And when they arrive in ATL, they'll be part of the biggest contingent of Night Owls ever to converge for a WGU commencement ceremony—more than 500 graduates and more than 3,500 family members, friends, faculty, and staff are expected to attend the February 8 event, traveling to Atlanta from at least 46 states and Canada!
No surprise that this will be the biggest commencement yet—it celebrates the biggest graduating class to date: 5,585 graduates from all 50 states, the District of Columbia, and U.S. military bases around the world!
Here are some fun facts about the Class of Winter 2014:
For graduates, family, friends, and supporters who are not able to attend commencement in Atlanta, the entire program will be broadcast live via streaming video, beginning at 9:45 a.m. EST Saturday, February 8, at www.wgu.edu/wgu/commencement_winter2014. At that link, you will also be able to see a video listing the names of all 5,585 graduates.
Our commencement speaker will be Frank Alvarez, former president and CEO of the Hispanic Scholarship Fund. You'll also hear from four amazing graduates who will share their inspiring stories:
Crystal Howard, MSN—Leadership & Management – Zuni, New Mexico
Crystal is a military nurse living and working on a remote Indian reservation in Zuni, New Mexico. She chose WGU because it was recommended to her by one of her nurse officers, despite her initial uncertainty about attending an online university for a graduate-level degree. During her time at WGU, she was deployed to help with the relief effort for Hurricane Sandy. During that busy and hectic time in her life—in a place with severely limited Internet access—she worried about falling behind in her studies. But working with her mentor, she was able to stay on track toward her graduation goals. And the things she had learned in her WGU program served her well through the challenges of working with the Russian-speaking community devastated by the hurricane, despite the language and culture being completely foreign to her. Today, she is the second-youngest nurse on her staff, but she's one of only two with an MSN degree. She's also the first in her family with a bachelor's degree, let alone a master's.
Merit Sowards, B.S. Health Informatics – Bradenton, Florida
Merit was recovering from melanoma and looking to take a major step to make the most of her life when opportunity came knocking. The accountant advising her parents' medical transcription business recommended that, for tax purposes, they consider sending Merit to school—a dream she had always held but never achieved. But because the expense would fall to her parents' business, finding an affordable college was critical. What she found at WGU, though, was more than affordability—it was personalized and relevant support at exactly the moment she needed it. She thrived in courses that she originally struggled with, and she stuck with her program despite the pressures of being a full-time employee, mother, and wife. And immediately upon completing her professional practice experience (PPE) as a WGU student, she was hired by the hospital where she had done her PPE work.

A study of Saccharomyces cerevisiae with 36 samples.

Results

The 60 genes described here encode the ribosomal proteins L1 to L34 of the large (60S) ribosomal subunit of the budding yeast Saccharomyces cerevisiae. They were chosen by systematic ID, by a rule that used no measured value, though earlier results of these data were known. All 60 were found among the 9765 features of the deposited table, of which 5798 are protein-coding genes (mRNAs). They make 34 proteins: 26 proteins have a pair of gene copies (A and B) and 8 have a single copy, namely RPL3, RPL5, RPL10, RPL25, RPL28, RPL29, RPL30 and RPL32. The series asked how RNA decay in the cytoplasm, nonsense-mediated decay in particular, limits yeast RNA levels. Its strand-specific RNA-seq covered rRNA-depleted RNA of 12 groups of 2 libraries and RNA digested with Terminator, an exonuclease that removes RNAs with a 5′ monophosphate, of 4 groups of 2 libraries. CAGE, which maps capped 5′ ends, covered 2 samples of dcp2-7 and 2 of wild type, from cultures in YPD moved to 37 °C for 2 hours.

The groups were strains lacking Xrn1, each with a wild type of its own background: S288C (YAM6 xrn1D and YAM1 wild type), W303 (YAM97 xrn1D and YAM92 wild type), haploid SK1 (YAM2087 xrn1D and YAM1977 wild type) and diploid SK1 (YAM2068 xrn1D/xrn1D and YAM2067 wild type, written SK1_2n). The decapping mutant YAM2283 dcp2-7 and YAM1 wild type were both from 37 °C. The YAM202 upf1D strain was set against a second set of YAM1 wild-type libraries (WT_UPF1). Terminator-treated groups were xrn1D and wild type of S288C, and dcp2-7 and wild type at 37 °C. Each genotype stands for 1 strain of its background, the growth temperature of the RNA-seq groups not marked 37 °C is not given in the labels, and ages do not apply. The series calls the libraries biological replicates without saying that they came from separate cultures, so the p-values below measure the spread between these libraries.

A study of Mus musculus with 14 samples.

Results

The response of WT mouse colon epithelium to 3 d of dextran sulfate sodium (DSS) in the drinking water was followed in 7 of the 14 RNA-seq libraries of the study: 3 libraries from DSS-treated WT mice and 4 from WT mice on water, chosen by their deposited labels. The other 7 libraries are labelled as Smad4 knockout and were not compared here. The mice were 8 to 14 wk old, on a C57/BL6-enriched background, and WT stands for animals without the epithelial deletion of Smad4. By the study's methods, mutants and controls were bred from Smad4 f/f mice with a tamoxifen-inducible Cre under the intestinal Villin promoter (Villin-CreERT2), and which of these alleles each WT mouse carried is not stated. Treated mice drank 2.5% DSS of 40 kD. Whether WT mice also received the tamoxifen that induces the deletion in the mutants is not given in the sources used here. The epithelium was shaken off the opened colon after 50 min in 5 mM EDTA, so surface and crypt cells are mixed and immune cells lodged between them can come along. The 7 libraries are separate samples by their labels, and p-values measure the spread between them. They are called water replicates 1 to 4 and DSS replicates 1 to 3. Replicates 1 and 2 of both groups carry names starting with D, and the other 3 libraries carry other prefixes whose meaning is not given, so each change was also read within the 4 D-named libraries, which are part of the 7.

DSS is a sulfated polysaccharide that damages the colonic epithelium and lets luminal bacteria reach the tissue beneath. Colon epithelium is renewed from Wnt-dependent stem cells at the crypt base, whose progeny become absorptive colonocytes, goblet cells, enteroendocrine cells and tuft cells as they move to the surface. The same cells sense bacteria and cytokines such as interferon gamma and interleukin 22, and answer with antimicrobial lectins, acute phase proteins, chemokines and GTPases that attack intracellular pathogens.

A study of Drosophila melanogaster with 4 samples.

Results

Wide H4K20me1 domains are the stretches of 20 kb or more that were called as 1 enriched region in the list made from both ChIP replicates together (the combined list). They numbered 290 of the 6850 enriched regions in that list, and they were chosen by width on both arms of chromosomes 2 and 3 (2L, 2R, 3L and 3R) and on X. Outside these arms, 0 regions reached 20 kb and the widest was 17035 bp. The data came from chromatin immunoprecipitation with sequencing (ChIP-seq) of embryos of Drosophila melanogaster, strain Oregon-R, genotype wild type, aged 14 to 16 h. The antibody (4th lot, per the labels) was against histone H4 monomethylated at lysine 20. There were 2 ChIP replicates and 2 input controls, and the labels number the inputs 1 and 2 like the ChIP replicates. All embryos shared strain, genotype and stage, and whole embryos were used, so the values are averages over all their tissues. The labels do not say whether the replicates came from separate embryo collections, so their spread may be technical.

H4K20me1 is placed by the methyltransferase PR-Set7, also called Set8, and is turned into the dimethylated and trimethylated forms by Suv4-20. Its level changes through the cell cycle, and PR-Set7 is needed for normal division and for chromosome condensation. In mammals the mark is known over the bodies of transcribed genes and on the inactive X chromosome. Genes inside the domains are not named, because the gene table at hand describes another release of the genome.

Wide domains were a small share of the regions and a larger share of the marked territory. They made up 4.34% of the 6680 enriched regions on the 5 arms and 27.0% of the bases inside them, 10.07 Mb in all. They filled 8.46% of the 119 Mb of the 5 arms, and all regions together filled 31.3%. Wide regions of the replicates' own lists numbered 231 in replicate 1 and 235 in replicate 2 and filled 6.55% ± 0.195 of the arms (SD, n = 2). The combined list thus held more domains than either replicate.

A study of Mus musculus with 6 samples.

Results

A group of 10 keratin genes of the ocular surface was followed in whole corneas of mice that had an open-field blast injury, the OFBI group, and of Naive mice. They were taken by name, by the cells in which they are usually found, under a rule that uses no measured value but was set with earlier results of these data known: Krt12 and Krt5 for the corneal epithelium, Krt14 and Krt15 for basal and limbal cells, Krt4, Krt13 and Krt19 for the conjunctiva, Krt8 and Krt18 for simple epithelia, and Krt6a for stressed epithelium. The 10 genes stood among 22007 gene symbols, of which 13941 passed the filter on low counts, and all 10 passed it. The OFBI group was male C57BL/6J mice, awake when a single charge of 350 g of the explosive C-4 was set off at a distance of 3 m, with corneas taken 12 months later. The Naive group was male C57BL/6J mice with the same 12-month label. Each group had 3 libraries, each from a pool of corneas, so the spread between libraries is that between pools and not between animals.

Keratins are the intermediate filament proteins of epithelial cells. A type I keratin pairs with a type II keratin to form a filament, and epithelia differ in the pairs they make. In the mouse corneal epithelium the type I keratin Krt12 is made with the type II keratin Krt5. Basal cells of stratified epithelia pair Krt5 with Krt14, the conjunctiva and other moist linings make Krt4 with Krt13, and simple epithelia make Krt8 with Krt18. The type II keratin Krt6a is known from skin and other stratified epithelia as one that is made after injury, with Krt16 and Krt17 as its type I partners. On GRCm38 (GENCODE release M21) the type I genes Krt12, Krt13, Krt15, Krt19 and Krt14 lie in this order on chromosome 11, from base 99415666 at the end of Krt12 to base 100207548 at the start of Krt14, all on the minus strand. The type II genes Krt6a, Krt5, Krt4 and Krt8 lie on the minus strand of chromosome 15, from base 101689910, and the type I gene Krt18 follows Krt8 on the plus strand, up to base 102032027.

Marvin Perkins, B.S. Business Management – Santa Clarita, California
Growing up in a poor area of upstate New York, Marvin received no support or encouragement from teachers and counselors to attend college. However, a college education was his dream, so while on vacation in Southern California he decided to stay there and go to school. It was there where he met a woman and became a father—but three years later, they divorced, and he was awarded custody of his young son. A single father with heavy work responsibilities, he decided his dream of college would have to wait. Over the years, he managed to grow in his career and become very successful, achieving a six-figure salary and ultimately deciding that he may not need a degree after all. Then the economy crashed and he found himself unable to get a job without a degree. Today he has a successful career and travels the nation as a professional speaker.
Tracy Anderson, B.A. Special Education – Petersburg, Virginia
Tracy was a para-educator for more than 16 years before earning her bachelor's degree in special education. She had always planned to go to college, but life soon got in the way and her dream was put on hold. Several years later, as a single mother and caretaker for three elderly family members, she decided to return to school to fulfill her dream. She chose WGU because it allowed her to use her work experience in her schoolwork. Three days after graduating from WGU, Tracy was hired as an eighth-grade special education teacher. She is continuing her education at WGU and started the M.Ed. in Learning and Technology program this January.